Small Bexar County cities, towns struggle to spend CARES Act funding

Bexar County split $9 million dollars among 26 cities, towns

Converse Mayor Al Suarez says he has a list of wish list items he hopes the CARES Act funds will cover for his residents.

BEXAR COUNTY, Texas – Converse Mayor Al Suarez says he has a list of wish list items he hopes the CARES Act funds will cover for his residents.

Schertz has used more than $1.5 million budgeted to it by Bexar County. The city purchased three new ambulances, sanitizing equipment and made renovations to city chambers to comply with social distancing guidelines.

The amount given to the cities and towns was based on the population.

“When you’re sitting here making decisions for families and citizens, you only get one shot. So you better do your best,” Suarez said.

He stresses that a lot of planning went into planning the list of needs and coordinating staff to ensure the county deadlines were met.

“The problem was trying to get all the paperwork and everything for the grant, you know, with this company and with the team. We got the team put together, and we got it done such a short time,” Saurez said.

The funds had to meet specific guidelines dealing with COVID-19. Saurez said the ambulances were needed because they serve unincorporated areas of the city. The city needed to ensure it had the equipment necessary if the COVID-19 cases continued to go up in the area.

Live Oak City Manager Scott Wayman said his city used less than half of the more than $874,000 budgeted because leaders were mindful of how the money should be spent, and time was working against them.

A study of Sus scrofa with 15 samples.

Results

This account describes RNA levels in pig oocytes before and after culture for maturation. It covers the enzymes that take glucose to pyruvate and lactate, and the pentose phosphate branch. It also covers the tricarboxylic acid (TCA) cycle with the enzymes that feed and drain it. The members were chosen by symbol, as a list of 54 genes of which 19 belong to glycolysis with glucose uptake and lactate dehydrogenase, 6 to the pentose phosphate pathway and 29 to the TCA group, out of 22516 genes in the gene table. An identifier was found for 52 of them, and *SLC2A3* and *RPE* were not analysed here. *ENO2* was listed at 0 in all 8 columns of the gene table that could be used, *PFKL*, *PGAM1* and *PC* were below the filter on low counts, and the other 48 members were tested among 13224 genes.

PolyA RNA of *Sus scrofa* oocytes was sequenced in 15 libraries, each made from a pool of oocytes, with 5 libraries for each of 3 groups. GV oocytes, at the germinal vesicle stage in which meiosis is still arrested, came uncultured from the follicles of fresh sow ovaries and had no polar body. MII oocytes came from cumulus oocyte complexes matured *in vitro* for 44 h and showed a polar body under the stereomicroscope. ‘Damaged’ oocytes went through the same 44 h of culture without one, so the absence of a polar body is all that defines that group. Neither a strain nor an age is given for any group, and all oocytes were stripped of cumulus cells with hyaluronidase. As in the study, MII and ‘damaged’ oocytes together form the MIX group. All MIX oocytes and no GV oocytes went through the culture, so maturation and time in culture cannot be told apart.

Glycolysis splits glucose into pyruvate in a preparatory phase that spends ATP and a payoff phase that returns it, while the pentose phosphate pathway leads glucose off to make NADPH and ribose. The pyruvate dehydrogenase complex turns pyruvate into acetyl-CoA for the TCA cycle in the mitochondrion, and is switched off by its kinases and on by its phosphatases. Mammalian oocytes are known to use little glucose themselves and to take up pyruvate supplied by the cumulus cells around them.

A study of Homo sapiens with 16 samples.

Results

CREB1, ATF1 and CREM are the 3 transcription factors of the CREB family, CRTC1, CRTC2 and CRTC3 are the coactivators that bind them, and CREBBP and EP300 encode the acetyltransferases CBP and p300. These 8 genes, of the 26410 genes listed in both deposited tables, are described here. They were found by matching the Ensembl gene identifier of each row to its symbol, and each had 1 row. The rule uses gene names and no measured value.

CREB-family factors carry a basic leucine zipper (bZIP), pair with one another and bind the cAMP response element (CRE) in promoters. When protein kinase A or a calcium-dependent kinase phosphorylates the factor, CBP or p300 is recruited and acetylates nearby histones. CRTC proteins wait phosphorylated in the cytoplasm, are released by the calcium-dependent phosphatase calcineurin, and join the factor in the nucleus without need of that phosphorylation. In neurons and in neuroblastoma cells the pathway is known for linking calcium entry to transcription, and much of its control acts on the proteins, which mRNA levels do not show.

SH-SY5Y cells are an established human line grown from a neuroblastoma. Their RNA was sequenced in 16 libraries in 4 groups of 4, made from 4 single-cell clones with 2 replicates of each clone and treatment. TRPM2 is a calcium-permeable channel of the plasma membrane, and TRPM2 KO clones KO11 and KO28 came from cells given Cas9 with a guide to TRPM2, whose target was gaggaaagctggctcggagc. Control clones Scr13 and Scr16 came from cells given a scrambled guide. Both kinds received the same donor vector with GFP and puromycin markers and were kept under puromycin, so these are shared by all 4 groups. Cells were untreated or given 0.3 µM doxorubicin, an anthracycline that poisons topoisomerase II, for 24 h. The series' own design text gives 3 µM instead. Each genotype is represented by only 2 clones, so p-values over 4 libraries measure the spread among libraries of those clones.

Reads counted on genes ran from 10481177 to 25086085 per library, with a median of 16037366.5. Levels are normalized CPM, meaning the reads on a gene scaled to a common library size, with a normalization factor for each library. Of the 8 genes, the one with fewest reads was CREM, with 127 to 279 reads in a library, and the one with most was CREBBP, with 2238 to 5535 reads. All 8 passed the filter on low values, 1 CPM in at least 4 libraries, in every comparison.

“There were some things that, you know -- there was a deadline that we had to meet. There were some cities that were getting what we call ‘Wal-Mart doors,’ and it’s like the space shuttle. The doors open up to you,” Wayman said. “We actually tried to start that process, but we could not get them, actually, to our facility and installed in time to apply for that funding.”

The city used funds to help small businesses, buy protective gear, and update technology to conduct remote meetings.

Some cities -- such as St. Hedwig, Von Ormy and Grey Forest -- didn’t use any of the money budgeted to them, according to a county list. Some staff and mayors said they didn’t have the staff members to coordinate the deadline guidelines nor the upfront money needed to buy items for reimbursement later on.

Kirby leaders say they used the city’s money to buy protective and sanitizing equipment and cover payroll for city staff who were out sick with COVID-19.

Coordinating the process takes a lot of time and effort, Suarez said, but Converse needed the new items it purchased anyway. He says there’s more on the list that he would like the city to apply for funding if funding is available.

Wayman says the money left unused by Live Oak will still be used to benefit community residents, and that’s important.

“All our county are our residents. This region stands alone. There’s a reason why we’re here,” Wayman said. “We’re very fortunate with the county, to be ensured that they’re going to be taking that money, and they’re going to spend it on the residents in the county for sure.”

Bexar County Judge Nelson Wolff said that, of the $9 million budgeted to the 26 cities and towns, only $4.4 million had been used, and $3 million was reallocated to support county programs and business grants during the pandemic.

Budgets, money disbursed to 26 cities, towns in Bexar County (Bexar County)

The federal government had given a Dec. 30, deadline for the funds to be used, so the county gave the cities and towns an Oct. 30 deadline to have documentation into the auditor’s office. The spending deadline was pushed to Dec. 30, 2021, this week by Congress.


About the Authors:

Patty Santos joined the KSAT 12 News team in July 2017. She has a proven track record of reporting on hard-hitting news that affects the community.

Before starting KSAT in 2017, Lee was a photojournalist at KENS 5, where he won a Lone Star Emmy in 2014 for Best Weather Segment. In 2009 and 2010 Lee garnered first-place awards with the Texas Association of Broadcasters for Best Investigative Series in College Station, as well as winning first place for Staff Photojournalism in 2011 at KBTX.